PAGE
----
Distinguished Artist Recipient, 2015 Governor’s Arts Awards
As the beloved Princess Aurora, Mary Costa brought both her voice and personality to the 1959 Disney classic Sleeping Beauty and emerged as an international artist who has graced the stages of opera, concert, theatre, television and movies. In a stellar career that included performances in 38 operatic roles, she premiered roles for many of the greatest composers of the era, including Tytania in the American premiere of Benjamin Britten’s A Midsummer Night’s Dream, and Ninette in the world premiere of Norman Dello Joio’s Blood Moon. She earned the Licia Albanese–Puccini Foundation Lifetime Achievement Award in 1989 and was appointed by President George W. Bush to serve on the National Council on the Arts from 2003-2007.
She has performed in all of the world’s top opera houses, including The Metropolitan Opera, The Royal Opera House at Covent Garden, The Bolshoi Theatre and The San Francisco Opera. She created the role of Anne Trulove at the San Francisco Opera’s production of Igor Stravinsky’s opera, The Rake’s Progress and her Metropolitan Opera debut received one of the season’s greatest ovations, engendering enthusiastic praise from critics. She is credited with triumphantly meeting the challenge of some of the most demanding leading roles in opera including those in Manon, La Traviata, La Bohème, Vanessa and Faust.
Costa’s beautiful voice and winning personality gained her fame beyond the international opera scene, as she performed with TV stars and radio personalities such as Bing Crosby, Frank Sinatra, Don Knotts and Jack Benny. She was also asked by First Lady Jacqueline Kennedy to sing at President John F. Kennedy’s Memorial Service. Years later, at the request of Leonard Bernstein, Costa sang the lead in a revival of Candide, which opened the opera house at the new Kennedy Center in Washington.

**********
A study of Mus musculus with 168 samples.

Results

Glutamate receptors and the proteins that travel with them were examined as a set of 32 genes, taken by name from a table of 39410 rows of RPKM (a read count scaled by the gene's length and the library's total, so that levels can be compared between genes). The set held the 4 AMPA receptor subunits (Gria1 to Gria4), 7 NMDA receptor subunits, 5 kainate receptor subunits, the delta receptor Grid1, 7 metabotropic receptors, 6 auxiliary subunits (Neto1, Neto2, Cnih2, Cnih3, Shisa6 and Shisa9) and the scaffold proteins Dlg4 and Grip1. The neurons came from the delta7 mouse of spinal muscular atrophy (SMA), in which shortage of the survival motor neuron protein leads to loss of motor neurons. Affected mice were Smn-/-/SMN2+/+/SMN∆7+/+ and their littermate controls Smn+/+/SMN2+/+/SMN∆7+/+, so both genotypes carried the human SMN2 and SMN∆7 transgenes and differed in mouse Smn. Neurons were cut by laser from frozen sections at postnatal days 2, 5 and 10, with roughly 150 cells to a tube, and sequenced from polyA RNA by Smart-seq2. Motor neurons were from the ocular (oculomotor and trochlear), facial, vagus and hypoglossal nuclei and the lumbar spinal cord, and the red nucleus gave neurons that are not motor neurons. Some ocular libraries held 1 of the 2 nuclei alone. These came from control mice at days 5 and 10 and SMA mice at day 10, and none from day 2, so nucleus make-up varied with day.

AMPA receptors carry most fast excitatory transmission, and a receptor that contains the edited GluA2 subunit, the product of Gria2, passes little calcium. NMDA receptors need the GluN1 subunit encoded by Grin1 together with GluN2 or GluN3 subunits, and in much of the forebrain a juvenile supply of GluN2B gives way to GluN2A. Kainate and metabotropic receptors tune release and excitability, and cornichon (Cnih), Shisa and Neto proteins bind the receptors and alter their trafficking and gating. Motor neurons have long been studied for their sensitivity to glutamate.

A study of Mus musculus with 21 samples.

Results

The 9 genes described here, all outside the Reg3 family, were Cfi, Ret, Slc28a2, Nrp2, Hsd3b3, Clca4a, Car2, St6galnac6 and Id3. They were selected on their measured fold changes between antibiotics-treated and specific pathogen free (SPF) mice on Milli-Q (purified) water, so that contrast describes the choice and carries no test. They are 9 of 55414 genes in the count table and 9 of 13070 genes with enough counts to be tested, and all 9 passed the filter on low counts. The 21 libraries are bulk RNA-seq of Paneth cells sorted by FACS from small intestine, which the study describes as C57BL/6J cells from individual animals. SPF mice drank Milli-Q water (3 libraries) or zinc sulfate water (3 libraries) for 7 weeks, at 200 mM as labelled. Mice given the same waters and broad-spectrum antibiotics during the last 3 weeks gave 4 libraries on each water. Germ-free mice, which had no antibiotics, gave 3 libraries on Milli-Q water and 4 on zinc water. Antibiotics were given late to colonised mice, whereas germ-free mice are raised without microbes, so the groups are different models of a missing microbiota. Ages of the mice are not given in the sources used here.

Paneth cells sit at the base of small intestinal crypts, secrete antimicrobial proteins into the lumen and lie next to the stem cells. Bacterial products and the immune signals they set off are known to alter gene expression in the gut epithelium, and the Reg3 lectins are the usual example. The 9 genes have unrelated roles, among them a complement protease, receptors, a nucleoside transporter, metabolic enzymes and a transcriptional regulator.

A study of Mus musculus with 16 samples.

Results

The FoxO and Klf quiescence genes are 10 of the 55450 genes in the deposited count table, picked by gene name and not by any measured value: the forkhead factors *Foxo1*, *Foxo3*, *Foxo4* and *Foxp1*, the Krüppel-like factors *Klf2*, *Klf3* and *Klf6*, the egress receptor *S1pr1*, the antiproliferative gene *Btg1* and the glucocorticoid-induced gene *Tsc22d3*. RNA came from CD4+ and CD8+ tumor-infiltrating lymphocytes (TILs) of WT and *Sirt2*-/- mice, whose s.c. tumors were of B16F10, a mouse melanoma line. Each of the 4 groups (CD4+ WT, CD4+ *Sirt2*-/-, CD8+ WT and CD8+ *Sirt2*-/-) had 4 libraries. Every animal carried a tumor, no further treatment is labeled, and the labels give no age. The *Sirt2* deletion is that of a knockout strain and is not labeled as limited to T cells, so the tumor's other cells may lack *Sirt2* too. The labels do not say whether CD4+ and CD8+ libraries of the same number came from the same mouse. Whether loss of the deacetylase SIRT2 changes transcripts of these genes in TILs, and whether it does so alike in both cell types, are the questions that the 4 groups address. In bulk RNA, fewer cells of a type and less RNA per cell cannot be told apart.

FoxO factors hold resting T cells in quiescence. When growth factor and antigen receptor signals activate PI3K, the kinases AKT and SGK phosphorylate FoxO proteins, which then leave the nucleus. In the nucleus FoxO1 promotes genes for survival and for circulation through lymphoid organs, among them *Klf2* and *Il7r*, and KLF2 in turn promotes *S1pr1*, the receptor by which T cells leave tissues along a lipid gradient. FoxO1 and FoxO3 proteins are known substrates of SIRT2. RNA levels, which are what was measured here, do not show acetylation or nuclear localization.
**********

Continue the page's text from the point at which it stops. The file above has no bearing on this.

Despite her international fame, Costa’s roots have always been in Tennessee. A member of the state’s Film, Entertainment and Music Commission Advisory Council, Costa has served Tennessee as an ambassador and advisor. She was recently awarded an Honorary Doctorate of Humane and Musical Letters from the College of Arts and Sciences at the University of Tennessee, Knoxville. She also helped found the Knoxville Opera in 1979, which has grown into one of Tennessee’s major cultural institutions. Knoxville Opera has touched the lives of nearly two million children and adults through education programs, performances and festivals, creating nearly $25 million in commerce for East Tennessee.
Costa continues to be a positive example and leader through her mentorship of the next generation of great singers at the University of Tennessee and other schools. She works to inspire these young people to achieve their goals by emphasizing the importance of dedication and discipline. Additionally, Costa has helped raise funds on behalf of various charities, including Childhelp USA, East Tennessee Children’s Hospital, Read Across America and Signal Centers of Chattanooga, all of which benefit children in need.
In the same way that she signs her name “Princess Aurora” when sending letters to sick children in need of a smile, Costa has used her talent and dedication to make a difference in the lives of all those she has touched, and continues to shine a beautiful light on Knoxville and the state of Tennessee.